Saturday, 16 March 2013

Handling bad Amazon book reviews




If you haven’t already had one, you can rest assured at some point soon you’ll get one. What am I talking about? That one star Amazon review where the reviewer has gleefully ripped your novel apart in public. Most reasonable people who don’t enjoy a novel will either choose not to provide a review, or if they do, will attempt to be as constructive as possible. However, as in all areas of the Internet world, trolls lurk around every possible corner, ready to pounce. If you only have five and four star reviews they’ll be eager to drag your average down. They’ll love saying things such as - ‘If I cud give no stars, or even better, minus stars, then this pile of rubbish would of got em. My advise is dont read it !!!’  Yes, so often they are littered with spelling mistakes and grammatical errors.

So how do you handle a negative review of this sort? My personal opinion is to completely ignore it. Don’t in any circumstances try to challenge what has been written by entering into a war of words. I have one character in my current novel who has a personality disorder. One reviewer commented that no one would behave in the way my character did in the novel. Part of me was tempted to say something, but I resisted the urge. What the reviewer didn’t know is that I sought advice from my wife about personality disorders, when developing the character . . . as she is a consultant clinical psychologist, and is well versed in dealing with people who have such disorders. So often a reviewer will make a comment, not knowing what they don’t know. All of which leads me on to perhaps the most irritating comment reviewers so often make - ‘It was too far-fetched’. Fellow author Jill Edmondson invited me to write about this very subject on her blog, so I won’t repeat verbatim here what I said, but suffice to say, people who think in black and white will very often not understand creative concepts, ideas or anything out of the ordinary. They’ll not see one shade of grey, let alone fifty, and will often write a review in total ignorance.

One other good way to make yourself feel better about the review is to look at other products on Amazon. Search for something you've purchased, and are delighted with. There is a very high chance that someone will have a totally different opinion. Just consider the music you like, and others don't, and vice versa. Opinion is totally subjective.

Finally, just remember you are one of a select few . . . a person who has actually written a book, and published it. Many people have the desire to write a book. Very few start one, and even fewer finish one, let alone publish it. It is very easy to criticise another person’s efforts, but it’s a lot harder, as all authors will testify, to provide other people with the opportunity to read something in the first instance. If the vast majority enjoy your work, then feel satisfied you’ve done a good job. Satisfying everyone is an impossible task.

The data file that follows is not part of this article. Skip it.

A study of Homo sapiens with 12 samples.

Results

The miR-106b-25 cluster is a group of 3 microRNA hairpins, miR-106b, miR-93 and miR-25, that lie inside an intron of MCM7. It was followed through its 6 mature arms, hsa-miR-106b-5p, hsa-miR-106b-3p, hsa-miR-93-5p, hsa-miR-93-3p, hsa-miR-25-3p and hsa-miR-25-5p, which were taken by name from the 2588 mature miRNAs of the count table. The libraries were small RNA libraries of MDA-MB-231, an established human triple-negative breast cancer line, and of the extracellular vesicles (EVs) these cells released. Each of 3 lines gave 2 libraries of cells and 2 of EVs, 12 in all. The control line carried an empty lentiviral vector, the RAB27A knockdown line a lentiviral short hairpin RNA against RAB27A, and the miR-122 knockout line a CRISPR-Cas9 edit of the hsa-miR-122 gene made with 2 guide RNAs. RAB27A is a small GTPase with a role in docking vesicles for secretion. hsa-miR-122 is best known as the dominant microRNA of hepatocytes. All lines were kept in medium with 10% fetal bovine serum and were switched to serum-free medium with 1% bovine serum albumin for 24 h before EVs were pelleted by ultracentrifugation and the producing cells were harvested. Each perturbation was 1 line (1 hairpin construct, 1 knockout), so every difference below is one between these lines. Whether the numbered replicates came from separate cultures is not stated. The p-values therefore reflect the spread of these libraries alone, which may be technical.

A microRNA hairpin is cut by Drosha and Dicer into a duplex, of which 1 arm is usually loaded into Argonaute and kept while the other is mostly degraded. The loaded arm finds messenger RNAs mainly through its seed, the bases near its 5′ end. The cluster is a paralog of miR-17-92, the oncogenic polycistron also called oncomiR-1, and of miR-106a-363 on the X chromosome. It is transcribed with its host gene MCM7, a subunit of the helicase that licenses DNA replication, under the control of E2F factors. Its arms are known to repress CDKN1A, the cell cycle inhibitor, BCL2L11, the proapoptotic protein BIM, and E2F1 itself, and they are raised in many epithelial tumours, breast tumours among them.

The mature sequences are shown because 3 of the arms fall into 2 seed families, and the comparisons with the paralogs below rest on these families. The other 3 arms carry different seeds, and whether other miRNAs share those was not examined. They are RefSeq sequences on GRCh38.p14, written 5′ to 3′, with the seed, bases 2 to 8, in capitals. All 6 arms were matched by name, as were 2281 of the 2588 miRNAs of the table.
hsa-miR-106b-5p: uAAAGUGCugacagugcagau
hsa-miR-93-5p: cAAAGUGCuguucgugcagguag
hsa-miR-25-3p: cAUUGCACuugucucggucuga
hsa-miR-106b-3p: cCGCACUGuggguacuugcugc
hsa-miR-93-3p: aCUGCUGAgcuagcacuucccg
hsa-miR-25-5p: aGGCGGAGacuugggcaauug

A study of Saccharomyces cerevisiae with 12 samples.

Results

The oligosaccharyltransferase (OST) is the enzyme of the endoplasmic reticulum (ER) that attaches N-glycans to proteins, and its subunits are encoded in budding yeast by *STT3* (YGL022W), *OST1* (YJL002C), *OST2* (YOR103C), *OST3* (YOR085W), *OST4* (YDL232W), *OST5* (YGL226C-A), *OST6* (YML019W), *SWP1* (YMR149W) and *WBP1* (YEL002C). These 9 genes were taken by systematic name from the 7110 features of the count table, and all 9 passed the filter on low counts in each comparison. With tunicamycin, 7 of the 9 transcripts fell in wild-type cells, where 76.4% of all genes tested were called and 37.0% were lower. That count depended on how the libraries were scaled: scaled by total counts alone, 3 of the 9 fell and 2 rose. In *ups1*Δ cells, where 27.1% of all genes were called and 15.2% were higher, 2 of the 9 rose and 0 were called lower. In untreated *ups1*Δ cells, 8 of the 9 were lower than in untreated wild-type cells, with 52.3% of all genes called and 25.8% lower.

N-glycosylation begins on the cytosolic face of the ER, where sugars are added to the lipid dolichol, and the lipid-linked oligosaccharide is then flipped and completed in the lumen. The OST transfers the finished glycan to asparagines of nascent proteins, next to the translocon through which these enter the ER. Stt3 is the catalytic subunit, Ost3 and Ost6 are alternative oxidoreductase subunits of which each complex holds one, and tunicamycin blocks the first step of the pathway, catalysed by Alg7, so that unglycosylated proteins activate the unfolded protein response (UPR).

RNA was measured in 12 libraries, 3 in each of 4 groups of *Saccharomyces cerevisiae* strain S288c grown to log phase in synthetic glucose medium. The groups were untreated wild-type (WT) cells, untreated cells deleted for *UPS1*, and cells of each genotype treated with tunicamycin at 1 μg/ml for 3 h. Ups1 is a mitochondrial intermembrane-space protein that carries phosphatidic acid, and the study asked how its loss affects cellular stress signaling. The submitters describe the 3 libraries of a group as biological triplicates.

Here is a clue about tomorrow's post.  Smiley


8 comments:

Katherine Lowry Logan said...

Excellent post, Clive. I read the 1-star reviews out of curiosity. I then shake my head and say, "Bless their heart."

Ram Gulrajani said...

Great advice, especially with so many self published authors like me, out there. You can either let these comments get to you, not reccomended, or create an even better novel. Option two is what I aspire to.
Remember, you had the guts to do it in the first place...
Keep writing and stay cool.

Darren Cleave said...

Thanks for the advice. Very encouraging for debut novelists.

Dana said...

Great and timely advice - definitely helped me out!

Thanks!

Barbara Elsborg said...

Can't please everyone, it's true, and though it would be better not to read ANY review, few of us authors can resist. As a reader, I always read the one star reviews first, I'm afraid. Depending on what they say, I'd then look at the 5 star ones. Obviously those people out to be spoilers can be ignored but some books don't deserve a flood of 5 stars and at least with a 1 to 5 system, you get a variety of opinions. What I don't like is seeing a new book - from a well known author - with maybe 10 - 5 star reviews that more or less say the same thing because I'm not convinced they haven't been put there by publishers' puppets.

elmalet said...

I agree with ignoring 1* reviews on the whole but I could not resist a few scathing comments recently, especially when I discovered the reviewer had given 1* to four of her seven reviews. Can we tackle amazon not to give the 1* reviews such prominence? I feel physically sick when the 1* review slaps me in the face immediately.